The Window Shop

60 Seconds with Composer of The Window Shop Suite Aaron Vinsky

Brianna DiCamillo

I had the pleasure of sitting down with the composer of The Window Shop Suite, Aaron Vinsky. Aaron and I talked briefly about what made him start writing music and why this piece in particular was so special to him.

I felt that the vibe of the window shop was looking through a window into other people’s expression of beauty. I felt that my music had to effectively accompany this experience. In each of my movements, I attempted to instill prominent, easy to follow melodies rather than just an emotion, in order to fully capture a range of emotional interpretations.

Brianna: When did you begin composing music?

Aaron: I have been playing for 14 years, and I started to compose 5 years ago.

Brianna: What made you want to compose music, was there anything specific?

Aaron: Composing was always a way for me to express my frustrations. There would be a high chance I would compose a piece on a day I got a bad grade at school, missed an important event, had an argument with my parents, or felt generally melancholy. One time I missed attendance for a college standardized test because I thought it started at 9 am (when it always starts at 8) as I had attended practice tests at 9 am for the month leading up. I felt so stupid for it, so I wrote something to compensate for my negative emotions.

Brianna: When writing your music are there any elements that are most important, you feel, to include: a particular crescendo, a bridge, or maybe a prelude?

Aaron: For me, composition is a building process. What I mean by that is every new composition is the result of my discovering of a new stylistic element. Writing my first composition—from messing with chords to completion—took roughly 3 years. I needed to build up my knowledge of the necessary elements: the chords, their progressions, and the structuring of those progressions throughout the piece. After I had established my foundation, I was able to write much more quickly, I could now manipulate elements I had built. Many of the elements that went into creating my first piece found their ways into other compositions. To name a few, I traditionally use diminished 7th chords, contrast a minor chord with a major chord, and use bass notes which either dissonance or match the treble notes. I feel that these elements are marks of my history as a composer: small tributes to composers such as Debussy, Chopin and Rachmaninoff who inspire me

Brianna: When you were writing the suite for the window shop what inspired you, was it something about the site—classical music usually has a very profound feeling behind it, do you feel that The Window Shop Suite has a particular feeling, and if so what is it?

Aaron: Immediately, I felt that the vibe of the window shop was looking through a window into other people’s expression of beauty. So, when arranging a sonata for the Window Shop, I felt that my music had to effectively accompany this experience. In each of my movements, I attempted to instill prominent, easy to follow melodies, accompanied by gentle supporting chords, which either echoed or added to the prominent sound. Furthermore, I arranged each movement with a personal experience in mind, rather than just an emotion, in order to fully capture a range of emotional interpretations. For example, the fifth movement of the piece was inspired by the cold yet inviting landscape of the outskirts of Saint Petersburg, Russia, which I was privileged enough to personally experience. I believe that shaping my compositions around real experiences allows for other listeners to attach their own memories to the music, and with each new movement, see what’s in the windows of the window shop in a different light.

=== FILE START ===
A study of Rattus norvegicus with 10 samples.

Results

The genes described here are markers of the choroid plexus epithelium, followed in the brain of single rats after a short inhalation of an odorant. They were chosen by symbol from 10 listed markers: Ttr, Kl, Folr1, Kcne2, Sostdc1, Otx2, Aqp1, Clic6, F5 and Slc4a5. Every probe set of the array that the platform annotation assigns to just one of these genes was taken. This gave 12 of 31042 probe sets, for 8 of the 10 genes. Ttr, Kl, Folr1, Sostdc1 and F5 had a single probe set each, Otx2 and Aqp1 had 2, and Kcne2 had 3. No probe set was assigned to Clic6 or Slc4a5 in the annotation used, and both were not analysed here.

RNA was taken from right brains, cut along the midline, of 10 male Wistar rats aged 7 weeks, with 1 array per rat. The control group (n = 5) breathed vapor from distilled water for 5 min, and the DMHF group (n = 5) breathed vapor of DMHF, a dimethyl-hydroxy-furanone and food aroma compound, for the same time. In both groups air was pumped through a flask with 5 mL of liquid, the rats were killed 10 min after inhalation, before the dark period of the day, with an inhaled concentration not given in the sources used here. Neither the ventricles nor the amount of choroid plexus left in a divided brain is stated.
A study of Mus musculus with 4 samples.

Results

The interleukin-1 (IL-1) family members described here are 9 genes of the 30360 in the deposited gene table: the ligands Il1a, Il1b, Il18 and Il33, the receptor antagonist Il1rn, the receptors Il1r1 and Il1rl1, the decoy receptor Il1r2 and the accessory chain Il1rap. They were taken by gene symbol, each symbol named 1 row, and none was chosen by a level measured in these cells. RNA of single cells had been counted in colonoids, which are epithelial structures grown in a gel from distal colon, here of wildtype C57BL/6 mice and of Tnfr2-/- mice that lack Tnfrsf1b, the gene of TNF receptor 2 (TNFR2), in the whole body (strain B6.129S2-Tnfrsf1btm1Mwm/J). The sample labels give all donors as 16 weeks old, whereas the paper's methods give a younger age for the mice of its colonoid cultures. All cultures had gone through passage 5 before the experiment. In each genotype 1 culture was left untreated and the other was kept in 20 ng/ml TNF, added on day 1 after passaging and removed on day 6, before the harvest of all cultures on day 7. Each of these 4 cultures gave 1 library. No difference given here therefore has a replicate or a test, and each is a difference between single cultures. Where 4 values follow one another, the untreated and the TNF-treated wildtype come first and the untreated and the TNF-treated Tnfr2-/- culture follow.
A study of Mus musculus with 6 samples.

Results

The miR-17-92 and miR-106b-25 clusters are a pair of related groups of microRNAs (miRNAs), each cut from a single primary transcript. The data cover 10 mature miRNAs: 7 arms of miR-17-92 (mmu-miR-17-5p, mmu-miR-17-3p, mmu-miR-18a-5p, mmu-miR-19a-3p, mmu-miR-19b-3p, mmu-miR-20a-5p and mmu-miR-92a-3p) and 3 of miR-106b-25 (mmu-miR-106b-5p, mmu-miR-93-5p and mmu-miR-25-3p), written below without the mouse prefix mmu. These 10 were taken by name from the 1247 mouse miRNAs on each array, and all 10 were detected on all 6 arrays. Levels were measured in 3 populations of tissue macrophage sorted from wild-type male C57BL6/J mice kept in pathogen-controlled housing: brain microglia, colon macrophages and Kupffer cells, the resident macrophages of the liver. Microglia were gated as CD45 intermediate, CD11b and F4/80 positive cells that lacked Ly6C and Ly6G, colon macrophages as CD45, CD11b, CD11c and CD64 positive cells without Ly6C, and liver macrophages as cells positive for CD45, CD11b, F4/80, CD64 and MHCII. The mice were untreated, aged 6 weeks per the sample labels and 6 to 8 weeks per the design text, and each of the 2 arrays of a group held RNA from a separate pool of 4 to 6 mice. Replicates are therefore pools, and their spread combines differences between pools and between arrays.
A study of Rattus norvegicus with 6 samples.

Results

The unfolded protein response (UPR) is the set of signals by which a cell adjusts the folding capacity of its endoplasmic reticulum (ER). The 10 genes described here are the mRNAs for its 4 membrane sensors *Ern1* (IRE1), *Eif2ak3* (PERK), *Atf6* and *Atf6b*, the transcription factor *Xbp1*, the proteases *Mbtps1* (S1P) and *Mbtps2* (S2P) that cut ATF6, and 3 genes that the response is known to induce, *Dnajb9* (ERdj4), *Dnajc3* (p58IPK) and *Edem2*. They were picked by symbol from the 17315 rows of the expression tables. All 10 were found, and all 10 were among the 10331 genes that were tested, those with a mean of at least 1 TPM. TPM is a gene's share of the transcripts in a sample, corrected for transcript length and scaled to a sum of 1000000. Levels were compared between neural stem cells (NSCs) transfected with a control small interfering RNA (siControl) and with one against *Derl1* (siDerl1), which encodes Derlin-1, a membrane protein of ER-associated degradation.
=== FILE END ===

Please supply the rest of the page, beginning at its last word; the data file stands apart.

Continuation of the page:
Brianna: What are your interests besides writing music?

Aaron: Besides composing music, my other main interest is studying computer science. While I have not had formal training, I often create computer-based projects that described the behavior of music in a way that also allowed me to access a new, more logical mindset about my compositions. For example, I had once hit a point where I was no longer impressed by what I could create. I felt I had explored every noteworthy chord progression, and couldn’t create something new anymore. However, I was still fascinated by the synthesis of complex harmonies and melodies I produced, and so I wrote a piece of code I called “Version 1” that used probability and trends in my composition style to generate chord progressions. The code generated thought-provoking results, leading me to believe that in order to create something new I need to gather inspiration from chord progressions in existing music.

Brianna: Besides working with music and computers, I like to play tennis, go on walks, and the usual social stuff.

Aaron: Where do you see yourself in 20 years?

Hopefully, by then I will find myself surrounded by a healthy and loving family, just as the one I have now. In the near future, I hope to graduate college and contribute to  strides in the field of computer science in whatever way I can. Wherever I find myself in 20 years, I hold no doubt that the piano will forever be a part of my expression, a part that will continue to make me smile and inspire me in my pursuit of understanding the inner workings of my mind.